Rally for activists on trial ends in clash and arrests in Hanoi
The defendants, including lawyer Nguyen Van Dai, are linked to the Brotherhood for Democracy. Uniformed and plainclothes police blocked a group of about a dozen of their supporters heading for the courthouse with signs saying "Democracy is not a crime" and "Oppose suppression of the Brotherhood for Democracy".
Hanoi (AsiaNews/Agencies) – Plainclothes police hauled off several protesters in Vietnam today as they marched to the trial of a prominent lawyer and five other activists charged with "attempting to overthrow the state".
The case against the pro-democracy activists, including high-profile lawyer Nguyen Van Dai, has garnered widespread attention in the country, where the authorities have launched a crackdown on dissent in 2016.
The accused are linked to the Brotherhood for Democracy, an activist network with about 80 full-time members across the country.
This morning, a few hours before the trial, uniformed and plainclothes police blocked a group of about a dozen supporters as they marched toward the courthouse in central Hanoi.
At least two were forced into unmarked vans whilst the others were put on a bus.
The group carried signs reading ‘Democracy is not a crime’ and "Oppose suppression of Brotherhood for Democracy" before their march was broken up.
The trial opened today amid heavy security. The activists are charged under Article 79 of the criminal code, which carries a maximum sentence of death.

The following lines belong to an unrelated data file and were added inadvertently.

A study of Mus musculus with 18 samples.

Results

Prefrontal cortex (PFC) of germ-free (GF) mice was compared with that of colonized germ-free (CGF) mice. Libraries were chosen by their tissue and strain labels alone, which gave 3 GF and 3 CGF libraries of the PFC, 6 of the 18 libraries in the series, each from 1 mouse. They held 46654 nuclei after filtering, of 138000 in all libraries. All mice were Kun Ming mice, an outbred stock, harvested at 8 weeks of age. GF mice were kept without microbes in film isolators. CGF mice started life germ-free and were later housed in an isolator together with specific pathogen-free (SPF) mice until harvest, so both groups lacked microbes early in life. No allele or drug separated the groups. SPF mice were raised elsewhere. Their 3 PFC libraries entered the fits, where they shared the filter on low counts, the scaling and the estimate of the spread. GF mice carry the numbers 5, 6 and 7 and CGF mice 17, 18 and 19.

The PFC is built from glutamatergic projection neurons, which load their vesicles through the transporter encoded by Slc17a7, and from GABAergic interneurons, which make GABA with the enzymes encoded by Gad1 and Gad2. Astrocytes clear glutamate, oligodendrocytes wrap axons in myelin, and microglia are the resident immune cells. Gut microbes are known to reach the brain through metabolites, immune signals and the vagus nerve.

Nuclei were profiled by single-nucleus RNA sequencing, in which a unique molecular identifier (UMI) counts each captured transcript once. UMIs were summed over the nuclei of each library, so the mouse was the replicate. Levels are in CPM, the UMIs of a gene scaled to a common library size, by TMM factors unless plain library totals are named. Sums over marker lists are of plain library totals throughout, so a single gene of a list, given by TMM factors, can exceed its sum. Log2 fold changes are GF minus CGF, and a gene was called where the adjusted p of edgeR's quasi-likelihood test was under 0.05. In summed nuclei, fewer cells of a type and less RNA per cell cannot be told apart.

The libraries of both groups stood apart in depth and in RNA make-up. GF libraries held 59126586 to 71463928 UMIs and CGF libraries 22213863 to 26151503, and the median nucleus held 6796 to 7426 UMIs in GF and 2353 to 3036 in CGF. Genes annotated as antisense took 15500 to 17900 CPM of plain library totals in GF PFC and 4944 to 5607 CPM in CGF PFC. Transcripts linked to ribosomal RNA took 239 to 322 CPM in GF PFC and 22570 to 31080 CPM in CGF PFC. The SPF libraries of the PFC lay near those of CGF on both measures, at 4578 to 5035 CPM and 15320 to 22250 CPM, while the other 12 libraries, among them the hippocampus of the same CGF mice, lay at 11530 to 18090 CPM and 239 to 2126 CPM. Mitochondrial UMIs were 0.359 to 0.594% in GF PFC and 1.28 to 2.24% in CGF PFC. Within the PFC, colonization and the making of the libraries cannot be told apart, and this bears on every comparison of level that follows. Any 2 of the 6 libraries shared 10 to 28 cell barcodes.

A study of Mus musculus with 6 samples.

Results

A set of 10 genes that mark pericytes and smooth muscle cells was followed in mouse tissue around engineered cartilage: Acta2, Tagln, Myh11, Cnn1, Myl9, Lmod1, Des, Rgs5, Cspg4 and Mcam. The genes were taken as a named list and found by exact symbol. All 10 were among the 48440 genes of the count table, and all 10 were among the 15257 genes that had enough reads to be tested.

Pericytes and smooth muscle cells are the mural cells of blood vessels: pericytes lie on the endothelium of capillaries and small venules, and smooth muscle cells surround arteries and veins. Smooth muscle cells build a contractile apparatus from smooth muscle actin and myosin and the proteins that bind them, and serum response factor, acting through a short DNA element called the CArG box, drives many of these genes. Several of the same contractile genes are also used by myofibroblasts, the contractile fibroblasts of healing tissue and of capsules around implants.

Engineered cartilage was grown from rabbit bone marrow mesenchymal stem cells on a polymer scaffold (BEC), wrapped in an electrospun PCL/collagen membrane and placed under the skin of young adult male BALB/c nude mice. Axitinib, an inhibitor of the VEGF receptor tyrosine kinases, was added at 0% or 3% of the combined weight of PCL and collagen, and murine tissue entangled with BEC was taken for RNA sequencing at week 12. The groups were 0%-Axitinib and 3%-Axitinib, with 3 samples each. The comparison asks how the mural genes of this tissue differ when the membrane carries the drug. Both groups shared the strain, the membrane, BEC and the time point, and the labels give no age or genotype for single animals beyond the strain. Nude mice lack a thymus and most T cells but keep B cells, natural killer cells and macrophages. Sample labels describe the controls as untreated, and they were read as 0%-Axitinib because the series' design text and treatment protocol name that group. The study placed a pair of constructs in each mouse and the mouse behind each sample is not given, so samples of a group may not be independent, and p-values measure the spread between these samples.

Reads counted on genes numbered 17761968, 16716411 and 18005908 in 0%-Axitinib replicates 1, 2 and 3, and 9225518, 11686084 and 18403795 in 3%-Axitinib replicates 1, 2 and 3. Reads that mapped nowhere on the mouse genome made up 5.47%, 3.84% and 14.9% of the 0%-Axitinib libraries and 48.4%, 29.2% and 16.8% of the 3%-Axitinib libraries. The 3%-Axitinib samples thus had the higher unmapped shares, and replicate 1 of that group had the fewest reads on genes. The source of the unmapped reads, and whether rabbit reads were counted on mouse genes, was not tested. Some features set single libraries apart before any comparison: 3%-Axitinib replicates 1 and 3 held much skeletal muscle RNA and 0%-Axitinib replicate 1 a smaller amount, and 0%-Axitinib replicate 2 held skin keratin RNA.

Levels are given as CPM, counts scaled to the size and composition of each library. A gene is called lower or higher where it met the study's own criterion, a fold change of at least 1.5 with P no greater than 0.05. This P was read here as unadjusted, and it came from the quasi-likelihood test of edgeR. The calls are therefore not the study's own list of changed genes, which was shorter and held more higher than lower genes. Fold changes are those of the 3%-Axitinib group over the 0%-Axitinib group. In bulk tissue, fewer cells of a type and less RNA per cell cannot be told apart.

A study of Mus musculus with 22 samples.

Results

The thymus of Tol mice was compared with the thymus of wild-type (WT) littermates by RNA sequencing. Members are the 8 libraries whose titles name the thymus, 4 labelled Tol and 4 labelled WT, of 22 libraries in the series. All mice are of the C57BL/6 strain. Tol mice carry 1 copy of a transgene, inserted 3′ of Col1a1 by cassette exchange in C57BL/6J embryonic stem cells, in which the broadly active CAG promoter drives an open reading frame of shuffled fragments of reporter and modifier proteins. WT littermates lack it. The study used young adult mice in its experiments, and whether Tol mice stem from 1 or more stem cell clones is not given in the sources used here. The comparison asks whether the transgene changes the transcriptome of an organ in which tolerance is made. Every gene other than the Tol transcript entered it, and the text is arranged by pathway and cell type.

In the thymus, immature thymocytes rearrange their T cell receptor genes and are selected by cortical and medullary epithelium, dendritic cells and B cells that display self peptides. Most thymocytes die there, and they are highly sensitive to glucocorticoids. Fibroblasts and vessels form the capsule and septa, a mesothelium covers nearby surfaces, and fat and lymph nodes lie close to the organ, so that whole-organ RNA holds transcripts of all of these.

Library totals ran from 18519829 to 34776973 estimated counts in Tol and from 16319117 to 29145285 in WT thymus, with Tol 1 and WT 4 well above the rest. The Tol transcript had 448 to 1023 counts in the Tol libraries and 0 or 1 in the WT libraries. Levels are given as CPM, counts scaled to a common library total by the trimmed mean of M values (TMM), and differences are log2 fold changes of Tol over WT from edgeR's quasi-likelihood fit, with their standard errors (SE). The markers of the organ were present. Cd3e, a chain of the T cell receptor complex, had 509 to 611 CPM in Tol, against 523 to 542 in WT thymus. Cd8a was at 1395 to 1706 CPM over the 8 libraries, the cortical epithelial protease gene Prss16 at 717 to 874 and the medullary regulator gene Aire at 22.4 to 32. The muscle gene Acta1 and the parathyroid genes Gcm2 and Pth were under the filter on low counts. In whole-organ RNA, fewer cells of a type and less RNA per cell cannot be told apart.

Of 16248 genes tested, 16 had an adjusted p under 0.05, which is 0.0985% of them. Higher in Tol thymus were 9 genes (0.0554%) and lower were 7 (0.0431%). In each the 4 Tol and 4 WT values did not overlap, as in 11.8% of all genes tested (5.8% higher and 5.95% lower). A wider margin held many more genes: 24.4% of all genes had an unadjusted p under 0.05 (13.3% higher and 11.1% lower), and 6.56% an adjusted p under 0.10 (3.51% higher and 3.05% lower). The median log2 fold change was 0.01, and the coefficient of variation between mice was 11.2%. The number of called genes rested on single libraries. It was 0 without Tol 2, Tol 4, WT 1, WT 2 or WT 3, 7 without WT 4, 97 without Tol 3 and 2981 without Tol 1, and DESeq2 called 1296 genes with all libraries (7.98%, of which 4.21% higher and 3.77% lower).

According to the indictment, they are accused of carrying out human rights training, calling for multi-party democracy and receiving funding from foreign groups.
Nguyen Van Dai, 48, one of Brotherhood for Democracy's founders, was arrested along with his assistant Le Thu Ha in December 2015 following a human rights meeting with European Union officials in Hanoi.
They were initially charged with anti-state propaganda, later upgraded to the more serious charge of attempting to overthrow the state.
Dai already served four years in prison for anti-state activity from 2007 to 2011.The four others on trial were arrested in July 2017 and all have prior convictions as well.
According to a report by Human Rights Watch (HRW) released last February, Vietnam is holding 129 political prisoners, arrested for criticising or protesting against the communist regime.
Vietnamese authorities have rejected these accusations claiming that no one is being detained for crimes of opinion, only those punished for violating the law.
Vietnam has one of the lowest ranking in terms of press freedom. According to Reporters without Borders, it stands 175th out of 180.
Dissidents suffer daily harassment, intimidation, police surveillance and interrogation and are subjected to long periods of preventive detention, without access to lawyers or family members.
Many Catholics have also paid a price for their activism, often receiving harsh sentences, as did recently Nguyễn Văn Oai (five years), Trần Thị Nga (nine), Nguyễn Ngọc Như Quỳnh (ten) and Nguyễn Văn Hóa (seven).